The “go to the ER” Mentality of American Medicine


Patients waiting in a hospital waiting room

Original article HERE by Edwin Leap, MD 

Currently, in American health care, experts are wringing their hands in confusion.  I mean, people have insurance, right?  And yet, health care is still expensive and dang it, people just keep going to the ER.  Visits are climbing everywhere, and I can speak from personal experience when I say that we’re tasked with more and more complex and multi-varied duties in the emergency departments of the 21st century.

I’m not a medical economist.  I do have some thoughts on the well-intentioned but deeply flawed Affordable Care Act. However, I won’t go there right now.  What I do want to address is the “go directly to the ER” mentality of modern American medicine.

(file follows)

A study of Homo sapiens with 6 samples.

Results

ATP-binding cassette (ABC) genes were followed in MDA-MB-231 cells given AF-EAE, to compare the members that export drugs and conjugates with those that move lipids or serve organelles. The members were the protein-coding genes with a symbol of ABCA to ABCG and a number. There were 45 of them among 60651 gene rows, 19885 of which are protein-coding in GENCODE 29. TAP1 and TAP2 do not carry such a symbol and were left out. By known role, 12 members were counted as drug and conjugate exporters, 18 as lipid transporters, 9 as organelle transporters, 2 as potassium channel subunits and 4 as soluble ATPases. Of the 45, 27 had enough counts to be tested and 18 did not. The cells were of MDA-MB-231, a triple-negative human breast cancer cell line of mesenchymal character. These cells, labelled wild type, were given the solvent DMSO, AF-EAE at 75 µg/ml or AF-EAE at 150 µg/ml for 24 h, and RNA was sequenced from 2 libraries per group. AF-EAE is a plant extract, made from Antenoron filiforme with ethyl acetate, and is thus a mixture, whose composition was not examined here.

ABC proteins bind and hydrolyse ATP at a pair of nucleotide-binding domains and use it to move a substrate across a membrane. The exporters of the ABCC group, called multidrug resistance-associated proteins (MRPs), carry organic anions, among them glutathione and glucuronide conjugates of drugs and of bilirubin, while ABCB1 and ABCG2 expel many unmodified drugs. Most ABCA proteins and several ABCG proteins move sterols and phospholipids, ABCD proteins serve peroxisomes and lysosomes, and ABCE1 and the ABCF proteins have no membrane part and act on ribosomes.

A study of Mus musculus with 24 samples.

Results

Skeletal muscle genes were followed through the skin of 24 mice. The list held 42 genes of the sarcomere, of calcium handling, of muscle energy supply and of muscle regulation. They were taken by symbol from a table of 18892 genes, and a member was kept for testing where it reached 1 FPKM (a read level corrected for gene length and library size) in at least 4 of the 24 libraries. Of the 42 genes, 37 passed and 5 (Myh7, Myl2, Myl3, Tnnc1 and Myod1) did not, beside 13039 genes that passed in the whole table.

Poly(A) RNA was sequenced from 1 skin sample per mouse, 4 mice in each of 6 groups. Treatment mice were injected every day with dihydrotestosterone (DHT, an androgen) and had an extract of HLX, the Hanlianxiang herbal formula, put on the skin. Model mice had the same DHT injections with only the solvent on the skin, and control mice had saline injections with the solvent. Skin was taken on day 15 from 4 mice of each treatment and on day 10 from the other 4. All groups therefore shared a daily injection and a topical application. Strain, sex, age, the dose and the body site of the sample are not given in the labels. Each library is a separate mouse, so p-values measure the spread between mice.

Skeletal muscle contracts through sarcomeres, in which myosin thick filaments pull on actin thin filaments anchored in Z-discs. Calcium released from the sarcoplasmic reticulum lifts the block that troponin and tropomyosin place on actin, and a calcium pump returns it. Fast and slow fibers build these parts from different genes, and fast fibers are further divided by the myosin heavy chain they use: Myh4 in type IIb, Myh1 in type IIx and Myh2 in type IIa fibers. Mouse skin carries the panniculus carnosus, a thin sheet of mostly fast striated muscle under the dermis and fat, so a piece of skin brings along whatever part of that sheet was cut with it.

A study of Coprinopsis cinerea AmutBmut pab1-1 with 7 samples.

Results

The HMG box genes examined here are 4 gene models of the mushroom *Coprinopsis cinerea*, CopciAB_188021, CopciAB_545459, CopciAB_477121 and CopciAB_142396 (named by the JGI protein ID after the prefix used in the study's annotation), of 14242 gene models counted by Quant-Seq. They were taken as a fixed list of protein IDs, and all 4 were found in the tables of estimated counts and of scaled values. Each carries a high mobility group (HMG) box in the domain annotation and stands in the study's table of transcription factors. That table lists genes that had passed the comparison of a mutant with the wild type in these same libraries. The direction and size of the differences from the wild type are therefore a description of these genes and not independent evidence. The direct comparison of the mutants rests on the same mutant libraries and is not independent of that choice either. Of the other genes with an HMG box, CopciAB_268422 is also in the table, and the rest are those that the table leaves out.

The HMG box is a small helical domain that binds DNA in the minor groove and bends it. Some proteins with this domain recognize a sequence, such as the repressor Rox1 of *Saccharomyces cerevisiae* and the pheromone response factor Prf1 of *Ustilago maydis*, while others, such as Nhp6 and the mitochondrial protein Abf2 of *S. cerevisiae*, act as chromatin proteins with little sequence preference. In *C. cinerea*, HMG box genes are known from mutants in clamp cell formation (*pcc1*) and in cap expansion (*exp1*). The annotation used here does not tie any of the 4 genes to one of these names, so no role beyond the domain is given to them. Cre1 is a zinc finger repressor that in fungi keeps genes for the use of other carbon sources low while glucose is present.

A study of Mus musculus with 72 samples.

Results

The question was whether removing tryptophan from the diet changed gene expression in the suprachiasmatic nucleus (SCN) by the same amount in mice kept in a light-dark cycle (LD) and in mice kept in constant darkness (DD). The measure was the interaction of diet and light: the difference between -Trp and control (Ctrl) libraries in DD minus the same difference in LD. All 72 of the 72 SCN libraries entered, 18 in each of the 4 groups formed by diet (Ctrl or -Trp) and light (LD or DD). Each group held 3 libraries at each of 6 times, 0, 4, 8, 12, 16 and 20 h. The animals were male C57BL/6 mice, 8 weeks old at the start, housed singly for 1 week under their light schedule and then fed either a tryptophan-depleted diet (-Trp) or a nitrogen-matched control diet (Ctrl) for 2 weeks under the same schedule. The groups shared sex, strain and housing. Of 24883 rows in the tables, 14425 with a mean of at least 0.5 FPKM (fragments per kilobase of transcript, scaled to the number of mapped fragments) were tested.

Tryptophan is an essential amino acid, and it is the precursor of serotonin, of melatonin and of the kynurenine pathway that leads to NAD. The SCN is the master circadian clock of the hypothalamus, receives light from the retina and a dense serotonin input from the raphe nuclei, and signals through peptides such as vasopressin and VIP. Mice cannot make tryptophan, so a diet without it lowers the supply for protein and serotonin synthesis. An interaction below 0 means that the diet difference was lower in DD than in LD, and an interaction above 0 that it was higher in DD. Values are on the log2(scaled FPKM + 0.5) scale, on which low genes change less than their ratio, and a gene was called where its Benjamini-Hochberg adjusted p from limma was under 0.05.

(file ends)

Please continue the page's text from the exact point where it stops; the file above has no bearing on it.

Call your physician.  If it’s after hours, the recording for any physician or practice of any sort in America will have a message:  “If this is an emergency, hang up and dial 911.”  It’s a nice idea.  But of course, it presumes that everyone really understands the idea of emergency.  In fact, they don’t.  We understand that, or we try to, but we see lots of things that come in ambulances, or just come to the ER, that really aren’t.

“I feel fine, but my blood pressure is up.”

“I was bitten by a spider, and I watch nature shows, and I know how dangerous they are.”

“I have a bad cold, and I have taken two rounds of antibiotics.  I have an appointment with my doctor tomorrow, but I thought I’d just come on in to get checked out.”